Boeing restructures defense divisions, splits Phantom Works

Boeing Defense, Space and Security announced that it will restructure its defense unit following substantial losses incurred by the company due to multiple stalled projects.  

Eight of the company’s divisions will be consolidated into four, with some, such as Phantom Works, an advanced prototyping arm known for its cutting-edge developments, being split among the divisions.  

Reshuffling  

Vertical Lift appears to be the only old division to remain intact. The remaining units will be reshaped into Mobility, Surveillance & Bombers (responsible for bombers, refueling, surveillance, and some other civilian aircraft conversions such as the VC-25B presidential jet); Air Dominance (responsible for fighter jets, trainers and drones) and Space, Intelligence & Weapon Systems (responsible for all space-related systems, missiles and munitions, and undersea developments).  

Classified systems, such as, presumably, Boeing’s involvement in the Next Generation Air Dominance (NGAD) project, will now come under the company’s Air Dominance portfolio, Boeing said in a press release. 

Non-space related Phantom Works projects will now become part of the Air Dominance division, while space-related ones, as well as numerous Phantom Works subsidiaries that work on space research, will be relegated to Space, Intelligence & Weapon Systems.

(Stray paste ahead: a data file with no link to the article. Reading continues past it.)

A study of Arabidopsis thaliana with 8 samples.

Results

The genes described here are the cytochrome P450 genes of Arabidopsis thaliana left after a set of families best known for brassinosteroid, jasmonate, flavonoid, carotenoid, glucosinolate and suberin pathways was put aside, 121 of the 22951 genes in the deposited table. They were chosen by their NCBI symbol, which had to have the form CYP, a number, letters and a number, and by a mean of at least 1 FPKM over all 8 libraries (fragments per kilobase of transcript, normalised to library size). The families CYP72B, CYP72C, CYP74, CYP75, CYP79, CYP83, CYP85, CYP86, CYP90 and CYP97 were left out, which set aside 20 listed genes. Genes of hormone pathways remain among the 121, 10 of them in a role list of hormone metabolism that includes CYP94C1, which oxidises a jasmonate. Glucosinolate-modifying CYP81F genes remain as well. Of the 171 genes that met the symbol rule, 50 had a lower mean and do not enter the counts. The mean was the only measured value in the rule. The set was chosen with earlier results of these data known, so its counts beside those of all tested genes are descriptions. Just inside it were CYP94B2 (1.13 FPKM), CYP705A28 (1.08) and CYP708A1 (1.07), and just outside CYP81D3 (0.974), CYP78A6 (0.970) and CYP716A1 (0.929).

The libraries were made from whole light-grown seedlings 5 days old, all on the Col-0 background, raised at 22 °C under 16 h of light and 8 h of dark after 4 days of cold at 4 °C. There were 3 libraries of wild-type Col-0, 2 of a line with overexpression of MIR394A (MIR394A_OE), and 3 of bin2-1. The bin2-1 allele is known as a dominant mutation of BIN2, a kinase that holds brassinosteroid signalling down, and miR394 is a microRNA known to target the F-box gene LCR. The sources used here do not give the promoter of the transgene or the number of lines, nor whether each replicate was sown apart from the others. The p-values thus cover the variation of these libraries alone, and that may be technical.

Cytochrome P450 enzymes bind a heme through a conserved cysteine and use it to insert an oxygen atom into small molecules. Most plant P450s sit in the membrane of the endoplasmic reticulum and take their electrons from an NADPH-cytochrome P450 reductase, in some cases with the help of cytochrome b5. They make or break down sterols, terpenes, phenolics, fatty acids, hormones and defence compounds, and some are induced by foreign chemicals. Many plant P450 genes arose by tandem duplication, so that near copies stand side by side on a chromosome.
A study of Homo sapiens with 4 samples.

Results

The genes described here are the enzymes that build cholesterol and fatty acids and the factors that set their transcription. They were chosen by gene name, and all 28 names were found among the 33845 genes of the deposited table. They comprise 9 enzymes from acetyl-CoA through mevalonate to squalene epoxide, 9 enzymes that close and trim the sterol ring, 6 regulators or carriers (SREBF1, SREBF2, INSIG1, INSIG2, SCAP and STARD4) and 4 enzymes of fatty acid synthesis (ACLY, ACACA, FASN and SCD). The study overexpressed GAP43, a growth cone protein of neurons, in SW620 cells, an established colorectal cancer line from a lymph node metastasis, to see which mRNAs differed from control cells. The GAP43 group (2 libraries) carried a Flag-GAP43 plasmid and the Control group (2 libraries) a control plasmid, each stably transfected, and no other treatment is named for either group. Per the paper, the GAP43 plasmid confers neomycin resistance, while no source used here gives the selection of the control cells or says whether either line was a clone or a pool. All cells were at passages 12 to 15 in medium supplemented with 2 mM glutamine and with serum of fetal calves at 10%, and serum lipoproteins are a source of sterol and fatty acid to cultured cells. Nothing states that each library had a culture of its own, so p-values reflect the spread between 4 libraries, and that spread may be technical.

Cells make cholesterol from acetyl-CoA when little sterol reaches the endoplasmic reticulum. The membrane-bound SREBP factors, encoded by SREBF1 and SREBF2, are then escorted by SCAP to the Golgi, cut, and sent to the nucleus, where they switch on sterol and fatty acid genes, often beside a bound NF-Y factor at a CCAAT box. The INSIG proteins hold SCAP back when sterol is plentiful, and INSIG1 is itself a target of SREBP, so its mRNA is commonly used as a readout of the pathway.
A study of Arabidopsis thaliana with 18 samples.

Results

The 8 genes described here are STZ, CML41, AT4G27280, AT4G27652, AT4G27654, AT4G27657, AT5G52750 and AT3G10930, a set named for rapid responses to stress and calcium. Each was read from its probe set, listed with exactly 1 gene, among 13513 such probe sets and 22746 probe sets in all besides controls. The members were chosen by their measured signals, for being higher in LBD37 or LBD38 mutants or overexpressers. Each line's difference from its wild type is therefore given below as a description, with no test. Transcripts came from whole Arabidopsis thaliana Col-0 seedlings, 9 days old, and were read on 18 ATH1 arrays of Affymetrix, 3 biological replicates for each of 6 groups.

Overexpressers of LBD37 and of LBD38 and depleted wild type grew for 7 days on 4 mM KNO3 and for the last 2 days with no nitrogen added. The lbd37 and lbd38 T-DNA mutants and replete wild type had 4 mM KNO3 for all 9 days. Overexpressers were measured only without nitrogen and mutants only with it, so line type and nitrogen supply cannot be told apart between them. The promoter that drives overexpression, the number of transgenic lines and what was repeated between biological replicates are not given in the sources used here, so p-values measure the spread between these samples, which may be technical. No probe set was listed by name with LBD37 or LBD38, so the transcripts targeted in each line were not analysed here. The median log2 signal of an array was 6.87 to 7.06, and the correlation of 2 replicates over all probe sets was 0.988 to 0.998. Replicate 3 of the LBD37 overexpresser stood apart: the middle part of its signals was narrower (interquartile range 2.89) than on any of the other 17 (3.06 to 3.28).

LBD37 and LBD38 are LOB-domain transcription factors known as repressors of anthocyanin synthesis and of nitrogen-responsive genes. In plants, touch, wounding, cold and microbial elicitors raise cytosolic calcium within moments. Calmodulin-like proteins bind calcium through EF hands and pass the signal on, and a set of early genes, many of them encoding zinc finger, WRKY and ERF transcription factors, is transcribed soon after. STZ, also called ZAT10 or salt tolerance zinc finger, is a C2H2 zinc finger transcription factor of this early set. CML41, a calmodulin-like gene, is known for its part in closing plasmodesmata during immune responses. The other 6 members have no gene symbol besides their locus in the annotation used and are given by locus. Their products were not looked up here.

“I am confident this reorganization will drive greater and more simplified integration and collaboration across Boeing Defense, Space & Security,” Ted Colbert, the president and CEO of Boeing Defense, Space and Security, is quoted as saying in the press release. 

Financial problems 

The company reorganization comes as Boeing continues to blame significant losses accrued in 2022 on the defense sector. 

Following the disclosure of the company’s H1 2022 results, defense was named as one of the main reasons for the $1 billion loss, along with the troubled 787 program.  

Losses on fixed-price defense contracts, such as the KC46A tanker, the VC-25B presidential aircraft and the MQ-25 tanker drone, were also named as one of the reasons behind reported losses in Boeing’s Q3 2022 results.